Alan Sugar, the White Hart Lane chairman who spent part of last summer in the High Court dealing with Terry Venables, now Lancaster Gate's most prominent employee, remains convinced that the FA's strong stance represents 'a deliberate vendetta against our club, and not so much against the club, as me personally'.
'This affair is their way of hitting back at me for something I have never done (trying to embarrass the FA over Venables).'
The Amstrad magnate told Sky that he had not made a deal with the FA regarding the appointment as England coach of Venables, dismissed last summer as Spurs chief executive. 'I would not be party to such horse trading with any organisation,' he added.
'I didn't commit the crimes that got the club into trouble. I'm just guilty of navety in reporting them, to what I thought was an authority that would welcome someone trying to clean things up.'
Sugar will announce today whether Spurs are to appeal (although the FA intimated that if any appeal failed, the original punishment would be increased). 'The board is now considering its formal response, and what rights of appeal are available to it,' a Spurs statement to the Stock Exchange read. 'The board will also be taking advice on possible legal action against past employees and directors.'
Such a path could involve Spurs' former chairman Irving Scholar, under whose regime most of the financial irregularities - involving alleged loans to players - occurred. Tottenham's shares dipped quickly when the Exchange opened yesterday, falling from 80p to 67p, but returned to 80p by close of trading.
While Sugar ponders legal remedies, Ossie Ardiles began preparing to campaign against relegation. Reassurance of current players and investment in new ones were the Tottenham manager's twin tactics.
'We have already tabled a pounds 4m bid for (Norwich striker) Chris Sutton and there are seven or eight other top players being closely looked at. I want to buy three quality players in time for the new season. My first task will be to lift the morale of the players, but after that I am sure that they will be as determined as I am to work even harder and overcome this incredible handicap.'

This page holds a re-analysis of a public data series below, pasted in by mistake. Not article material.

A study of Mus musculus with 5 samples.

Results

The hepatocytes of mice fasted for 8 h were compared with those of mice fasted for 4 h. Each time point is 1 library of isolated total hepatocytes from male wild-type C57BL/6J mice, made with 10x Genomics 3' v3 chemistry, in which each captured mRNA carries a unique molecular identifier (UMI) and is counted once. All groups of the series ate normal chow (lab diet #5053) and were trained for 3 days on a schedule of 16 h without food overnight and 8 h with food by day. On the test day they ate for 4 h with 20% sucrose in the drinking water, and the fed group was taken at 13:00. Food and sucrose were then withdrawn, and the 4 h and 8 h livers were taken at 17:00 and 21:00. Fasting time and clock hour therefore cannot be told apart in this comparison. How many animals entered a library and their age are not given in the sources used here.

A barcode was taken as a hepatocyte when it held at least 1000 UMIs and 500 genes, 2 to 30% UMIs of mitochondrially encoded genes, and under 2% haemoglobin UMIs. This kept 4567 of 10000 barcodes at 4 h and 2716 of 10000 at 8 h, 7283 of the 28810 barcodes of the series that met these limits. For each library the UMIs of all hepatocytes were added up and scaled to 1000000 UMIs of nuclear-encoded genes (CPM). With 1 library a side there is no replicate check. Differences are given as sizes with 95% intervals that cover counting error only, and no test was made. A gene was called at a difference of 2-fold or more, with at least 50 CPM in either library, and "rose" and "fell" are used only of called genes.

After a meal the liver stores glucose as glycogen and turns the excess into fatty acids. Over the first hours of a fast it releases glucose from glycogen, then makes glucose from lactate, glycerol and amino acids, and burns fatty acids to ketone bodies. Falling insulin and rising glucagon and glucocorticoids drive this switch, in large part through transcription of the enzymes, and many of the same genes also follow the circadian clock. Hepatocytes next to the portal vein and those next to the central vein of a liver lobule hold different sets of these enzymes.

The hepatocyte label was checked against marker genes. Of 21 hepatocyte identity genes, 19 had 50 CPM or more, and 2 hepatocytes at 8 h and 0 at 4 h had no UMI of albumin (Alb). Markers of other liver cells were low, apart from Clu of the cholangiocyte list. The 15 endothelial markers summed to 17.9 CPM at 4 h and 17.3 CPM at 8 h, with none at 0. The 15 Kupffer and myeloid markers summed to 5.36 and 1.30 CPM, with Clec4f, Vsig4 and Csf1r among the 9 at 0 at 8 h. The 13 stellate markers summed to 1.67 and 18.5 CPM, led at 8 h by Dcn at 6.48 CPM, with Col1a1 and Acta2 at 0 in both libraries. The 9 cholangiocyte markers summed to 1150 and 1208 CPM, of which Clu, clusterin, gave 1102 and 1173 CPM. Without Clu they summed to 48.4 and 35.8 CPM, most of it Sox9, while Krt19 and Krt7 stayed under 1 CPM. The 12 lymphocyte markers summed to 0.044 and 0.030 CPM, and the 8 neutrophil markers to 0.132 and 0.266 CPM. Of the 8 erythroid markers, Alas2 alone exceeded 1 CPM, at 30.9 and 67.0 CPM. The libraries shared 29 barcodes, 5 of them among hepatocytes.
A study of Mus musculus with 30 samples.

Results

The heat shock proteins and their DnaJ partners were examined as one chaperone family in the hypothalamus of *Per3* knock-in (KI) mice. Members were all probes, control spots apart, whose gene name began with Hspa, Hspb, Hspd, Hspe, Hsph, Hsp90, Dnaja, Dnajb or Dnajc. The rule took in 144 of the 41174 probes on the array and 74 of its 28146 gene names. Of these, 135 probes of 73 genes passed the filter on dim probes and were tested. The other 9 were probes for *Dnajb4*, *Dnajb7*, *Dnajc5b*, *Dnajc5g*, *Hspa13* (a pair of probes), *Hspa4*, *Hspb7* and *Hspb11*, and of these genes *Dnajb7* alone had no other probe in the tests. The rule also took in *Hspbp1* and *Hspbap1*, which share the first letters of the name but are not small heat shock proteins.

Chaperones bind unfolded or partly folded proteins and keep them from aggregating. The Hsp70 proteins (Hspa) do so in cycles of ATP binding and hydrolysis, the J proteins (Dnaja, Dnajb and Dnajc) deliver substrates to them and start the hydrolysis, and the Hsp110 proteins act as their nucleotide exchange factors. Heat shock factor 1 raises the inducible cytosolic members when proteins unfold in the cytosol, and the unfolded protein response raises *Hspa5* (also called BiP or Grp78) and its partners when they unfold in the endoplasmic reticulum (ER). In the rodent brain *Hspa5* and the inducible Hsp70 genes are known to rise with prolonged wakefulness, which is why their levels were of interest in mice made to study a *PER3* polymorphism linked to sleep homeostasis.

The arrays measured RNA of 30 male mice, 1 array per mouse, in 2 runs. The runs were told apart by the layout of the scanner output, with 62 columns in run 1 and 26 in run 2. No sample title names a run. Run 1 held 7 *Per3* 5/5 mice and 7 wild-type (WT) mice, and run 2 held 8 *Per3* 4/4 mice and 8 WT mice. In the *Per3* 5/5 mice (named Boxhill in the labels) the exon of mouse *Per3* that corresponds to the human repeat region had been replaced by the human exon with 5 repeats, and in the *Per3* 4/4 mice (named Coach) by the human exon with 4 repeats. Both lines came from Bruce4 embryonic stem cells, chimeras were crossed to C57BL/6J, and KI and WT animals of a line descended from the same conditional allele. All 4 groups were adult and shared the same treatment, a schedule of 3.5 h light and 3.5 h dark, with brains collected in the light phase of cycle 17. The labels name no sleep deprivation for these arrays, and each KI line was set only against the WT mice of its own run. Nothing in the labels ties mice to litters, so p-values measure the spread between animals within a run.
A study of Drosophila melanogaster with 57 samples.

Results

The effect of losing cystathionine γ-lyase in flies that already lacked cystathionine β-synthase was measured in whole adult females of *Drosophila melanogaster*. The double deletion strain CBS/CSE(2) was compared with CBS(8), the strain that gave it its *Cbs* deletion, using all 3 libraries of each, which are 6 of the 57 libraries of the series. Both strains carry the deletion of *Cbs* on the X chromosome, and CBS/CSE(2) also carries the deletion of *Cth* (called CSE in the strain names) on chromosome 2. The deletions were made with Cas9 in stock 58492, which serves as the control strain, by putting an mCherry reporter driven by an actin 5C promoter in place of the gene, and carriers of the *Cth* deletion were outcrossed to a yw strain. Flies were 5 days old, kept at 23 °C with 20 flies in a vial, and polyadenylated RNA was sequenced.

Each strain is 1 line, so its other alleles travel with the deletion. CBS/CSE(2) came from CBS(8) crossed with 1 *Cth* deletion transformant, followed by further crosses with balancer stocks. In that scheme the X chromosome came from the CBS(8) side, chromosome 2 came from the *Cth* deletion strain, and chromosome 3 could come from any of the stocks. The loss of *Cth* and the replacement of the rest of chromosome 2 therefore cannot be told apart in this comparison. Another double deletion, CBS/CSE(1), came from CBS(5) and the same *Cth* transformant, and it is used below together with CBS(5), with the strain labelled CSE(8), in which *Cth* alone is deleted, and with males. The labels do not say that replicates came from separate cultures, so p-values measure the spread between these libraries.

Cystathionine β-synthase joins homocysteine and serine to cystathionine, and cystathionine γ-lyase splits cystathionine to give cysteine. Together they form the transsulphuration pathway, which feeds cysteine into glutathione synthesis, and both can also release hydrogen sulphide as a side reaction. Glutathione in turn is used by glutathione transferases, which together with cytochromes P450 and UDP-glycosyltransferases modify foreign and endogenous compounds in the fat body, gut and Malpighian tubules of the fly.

Ardiles added that he felt the punishment meted out by the FA's commission of inquiry was 'totally unjust and worse than being relegated'.
'It was far, far too hard and does not fit the crime. There are three punishments rolled into one. It's simply not right. I am sure that other Premiership clubs will support us if we decide to appeal. A very dangerous precedent has been set and who knows which club might be in the dock next?'
Comparisons with the Swindon Town case were invidious, Ardiles added. The Argentinian, a former law student who was manager at Swindon when they were relegated for financial irregularities in 1990, said: 'At Swindon there was criminal involvement and that is not the case here. It was quite clear that Swindon were trying to cheat other clubs at transfer tribunals - but we have done nothing like that. The differences are huge and for us to be hit in such a way seems completely unjust.'
The odds against Tottenham winning next season's Premiership title yesterday moved from 40-1 to 250-1.